Chapter 1: Supermarkets and the Food Waste Crisis

The environmental impacts of supermarket food waste

An estimated 40 percent of the food produced in the United States is wasted every year, totaling about 62.5 million tons. That costs households, businesses and farms about $218 billion annually.

Also wasted were the resources that went into producing that food, including 25 percent of all freshwater consumed, 13 percent of the total carbon emissions and 80 million acres of farmland used in the United States.

Uneaten food is the single largest source of trash in municipal landfills, attracting wildlife with an unnatural and often toxic food source. Landfills are the third largest source of the greenhouse gas methane produced in the country. In addition to contributing to climate change, pollution and land degradation, wasting food wastes natural resources that native and endangered wildlife need to survive.

Although meat is a smaller portion of wasted food it comes with the highest environmental cost. Meat production is the single-most environmentally damaging industry on the planet, which means that wasted meat and dairy products have a greater environmental impact per pound than wasted grains or fruits and vegetables.

It’s not just the end product that’s thrown away, but also all the feed, water, land, pesticides and fossil fuels that went into raising the livestock.

Food waste worsens the unsustainability of industrial food production, which imperils wildlife and puts food security at risk. And it’s a growing problem: The amount of food wasted in the United States has tripled over the past 50 years.

It is only by preventing food waste from the start that we can begin to address the environmental footprint and inequalities of our food system.

The Role of Supermarkets in Reducing Food Waste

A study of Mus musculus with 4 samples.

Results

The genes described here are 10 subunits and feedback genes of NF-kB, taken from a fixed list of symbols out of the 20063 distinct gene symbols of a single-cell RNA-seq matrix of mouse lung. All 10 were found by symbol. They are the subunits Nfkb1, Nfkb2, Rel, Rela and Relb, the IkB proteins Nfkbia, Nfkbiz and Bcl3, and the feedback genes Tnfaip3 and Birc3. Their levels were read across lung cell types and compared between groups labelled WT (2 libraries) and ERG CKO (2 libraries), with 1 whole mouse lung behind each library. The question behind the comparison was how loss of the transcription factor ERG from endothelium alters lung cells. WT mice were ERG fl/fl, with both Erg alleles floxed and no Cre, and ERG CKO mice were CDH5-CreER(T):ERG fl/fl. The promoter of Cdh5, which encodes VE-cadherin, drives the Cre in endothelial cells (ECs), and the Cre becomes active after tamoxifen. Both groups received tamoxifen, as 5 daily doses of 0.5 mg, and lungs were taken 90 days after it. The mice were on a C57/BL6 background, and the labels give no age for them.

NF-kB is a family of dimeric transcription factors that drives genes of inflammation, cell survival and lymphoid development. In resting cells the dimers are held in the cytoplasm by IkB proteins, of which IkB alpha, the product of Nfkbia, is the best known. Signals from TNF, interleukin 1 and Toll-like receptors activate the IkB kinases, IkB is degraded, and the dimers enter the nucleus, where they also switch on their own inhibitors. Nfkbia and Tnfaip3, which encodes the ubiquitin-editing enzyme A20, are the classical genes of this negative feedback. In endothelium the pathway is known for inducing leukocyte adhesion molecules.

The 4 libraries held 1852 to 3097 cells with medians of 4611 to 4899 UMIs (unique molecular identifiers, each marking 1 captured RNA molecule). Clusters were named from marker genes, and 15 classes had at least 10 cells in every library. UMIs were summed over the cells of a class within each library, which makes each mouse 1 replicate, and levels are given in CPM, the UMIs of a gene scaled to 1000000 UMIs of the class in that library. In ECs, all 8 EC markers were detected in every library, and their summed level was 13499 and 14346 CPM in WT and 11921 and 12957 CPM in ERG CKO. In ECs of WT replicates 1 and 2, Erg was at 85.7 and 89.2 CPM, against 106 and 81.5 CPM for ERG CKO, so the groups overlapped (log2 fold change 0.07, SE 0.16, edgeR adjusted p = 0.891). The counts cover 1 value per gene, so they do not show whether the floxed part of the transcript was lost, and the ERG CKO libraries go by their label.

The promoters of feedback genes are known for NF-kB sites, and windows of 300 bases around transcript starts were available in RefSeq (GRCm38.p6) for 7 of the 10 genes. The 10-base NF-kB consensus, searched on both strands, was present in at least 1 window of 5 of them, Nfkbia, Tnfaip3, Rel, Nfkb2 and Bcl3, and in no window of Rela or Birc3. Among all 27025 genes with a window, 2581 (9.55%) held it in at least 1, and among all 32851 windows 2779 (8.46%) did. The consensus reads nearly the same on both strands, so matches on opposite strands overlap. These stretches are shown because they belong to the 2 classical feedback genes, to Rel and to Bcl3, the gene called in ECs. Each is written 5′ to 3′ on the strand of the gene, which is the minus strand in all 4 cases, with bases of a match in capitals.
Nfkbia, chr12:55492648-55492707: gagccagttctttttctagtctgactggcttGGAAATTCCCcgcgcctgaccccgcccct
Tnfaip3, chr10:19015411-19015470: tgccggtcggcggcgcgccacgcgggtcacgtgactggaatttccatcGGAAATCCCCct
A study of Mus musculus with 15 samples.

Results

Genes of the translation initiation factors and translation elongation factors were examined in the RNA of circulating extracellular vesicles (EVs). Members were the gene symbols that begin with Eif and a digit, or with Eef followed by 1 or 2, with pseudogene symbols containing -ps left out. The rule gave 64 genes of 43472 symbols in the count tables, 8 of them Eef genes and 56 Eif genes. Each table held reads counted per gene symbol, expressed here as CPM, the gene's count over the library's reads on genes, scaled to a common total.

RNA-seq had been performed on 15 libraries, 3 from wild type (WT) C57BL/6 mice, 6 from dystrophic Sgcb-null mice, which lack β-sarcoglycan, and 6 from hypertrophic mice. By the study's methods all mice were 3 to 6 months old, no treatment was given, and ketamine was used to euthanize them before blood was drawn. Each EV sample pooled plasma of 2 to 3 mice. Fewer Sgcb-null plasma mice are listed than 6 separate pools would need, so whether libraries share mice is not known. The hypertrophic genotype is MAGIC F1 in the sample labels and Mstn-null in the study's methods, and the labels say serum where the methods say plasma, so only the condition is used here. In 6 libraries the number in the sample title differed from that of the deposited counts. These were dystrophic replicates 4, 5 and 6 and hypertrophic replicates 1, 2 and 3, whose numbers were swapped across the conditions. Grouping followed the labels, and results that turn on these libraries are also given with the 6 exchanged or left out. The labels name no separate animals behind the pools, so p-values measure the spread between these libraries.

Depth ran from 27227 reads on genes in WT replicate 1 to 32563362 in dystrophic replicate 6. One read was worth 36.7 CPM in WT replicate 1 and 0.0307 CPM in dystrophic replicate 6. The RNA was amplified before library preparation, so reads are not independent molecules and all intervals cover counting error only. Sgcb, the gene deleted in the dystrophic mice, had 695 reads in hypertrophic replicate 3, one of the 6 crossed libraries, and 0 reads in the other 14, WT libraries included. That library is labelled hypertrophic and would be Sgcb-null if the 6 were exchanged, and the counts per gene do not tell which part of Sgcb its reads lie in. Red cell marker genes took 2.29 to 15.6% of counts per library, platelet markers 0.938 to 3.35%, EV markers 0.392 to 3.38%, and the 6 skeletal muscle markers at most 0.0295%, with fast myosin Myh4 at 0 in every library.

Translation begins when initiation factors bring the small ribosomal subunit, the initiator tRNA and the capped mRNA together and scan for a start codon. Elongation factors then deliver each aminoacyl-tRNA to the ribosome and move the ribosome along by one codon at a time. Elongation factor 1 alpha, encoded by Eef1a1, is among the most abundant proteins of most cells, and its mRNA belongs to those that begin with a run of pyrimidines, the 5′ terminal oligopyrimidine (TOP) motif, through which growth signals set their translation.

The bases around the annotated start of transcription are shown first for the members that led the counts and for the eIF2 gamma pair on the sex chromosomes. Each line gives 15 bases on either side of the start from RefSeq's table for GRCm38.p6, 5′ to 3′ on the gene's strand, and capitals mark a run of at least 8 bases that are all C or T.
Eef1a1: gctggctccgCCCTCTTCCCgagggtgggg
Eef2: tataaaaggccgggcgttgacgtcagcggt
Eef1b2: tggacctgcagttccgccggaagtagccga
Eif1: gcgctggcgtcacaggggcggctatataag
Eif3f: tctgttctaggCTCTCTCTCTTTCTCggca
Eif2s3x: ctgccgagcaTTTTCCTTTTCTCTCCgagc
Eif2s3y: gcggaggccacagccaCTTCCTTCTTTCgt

In the United States, people spend more than $650 billion at supermarkets annually. That spending gives the sector enormous influence on personal budgets and the economy, as well as on the food system.

The most effective way to maximize the social, economic and environmental benefits of addressing food waste is to prevent the waste to begin with. While donation and recycling programs have some advantages over sending food directly to the landfill, they don’t address the emissions, land, water, pesticides and other threats to wildlife that result from producing uneaten food.

Preventing food waste holds two to seven times the lifecycle greenhouse gas benefit per ton compared to recycling food.

At the grocery retail level, policies from supply-chain commitments to shopper education can aid in food-waste prevention. But to fully understand the scope of the problem and effectively implement food-waste reduction strategies, retailers must track how much food is being wasted throughout their operations.

Without transparent tracking and reporting of the amount of food waste across their companies, there is no starting point from which to measure the effectiveness of food-waste programs. There is no way for them to be held accountable to customers, investors or their own goals.

This fundamental first step of corporate transparency — including specific, time-bound commitments to food-waste reduction and public reporting on progress — is virtually nonexistent among U.S. supermarkets.

Easing cosmetic standards and purchasing whole and seasonal crops can reduce the massive amount (estimated 20 billion pounds) of edible produce left to rot in the fields. Meanwhile, supply-side commitments to reducing “bycatch” (non-targeted seafood) can take a massive bite out of seafood waste in the supply chain. So can educating consumers about the ecological costs of eating ocean wildlife.

Unfortunately, few U.S. supermarkets have implemented these strategies, despite their potential for saving money and reducing food waste. In all of these areas, some major European supermarkets have already demonstrated the feasibility and benefits of these food-waste prevention policies.

The new report, “Checked Out: How U.S. Supermarkets Fail to Make the Grade in Reducing Food Waste,” compares American grocery retailers for supply-side and in-store food-waste reduction strategies as well as time-based commitments to food-waste reduction initiatives, tracking and transparency. The report analyzes retailers with the most U.S. stores — Ahold Delhaize, Albertsons, ALDI, Costco, Kroger, Publix, Target, Trader Joes, Walmart and Whole Foods — alongside a case study of Tesco, U.K., a European model that has implemented a number of types of effective food-waste reduction strategies that U.S. stores could mirror.

This comparison will help create a benchmark to identify leaders and progress, as well as companies that continue to fall behind as the retail food industry addresses its role in the food-waste crisis.

From Checked Out: How U.S. Supermarkets Fail to Make the Grade in Reducing Food Waste, a report from the Center for Biological Diversity and the Ugly Fruit & Veg Campaign.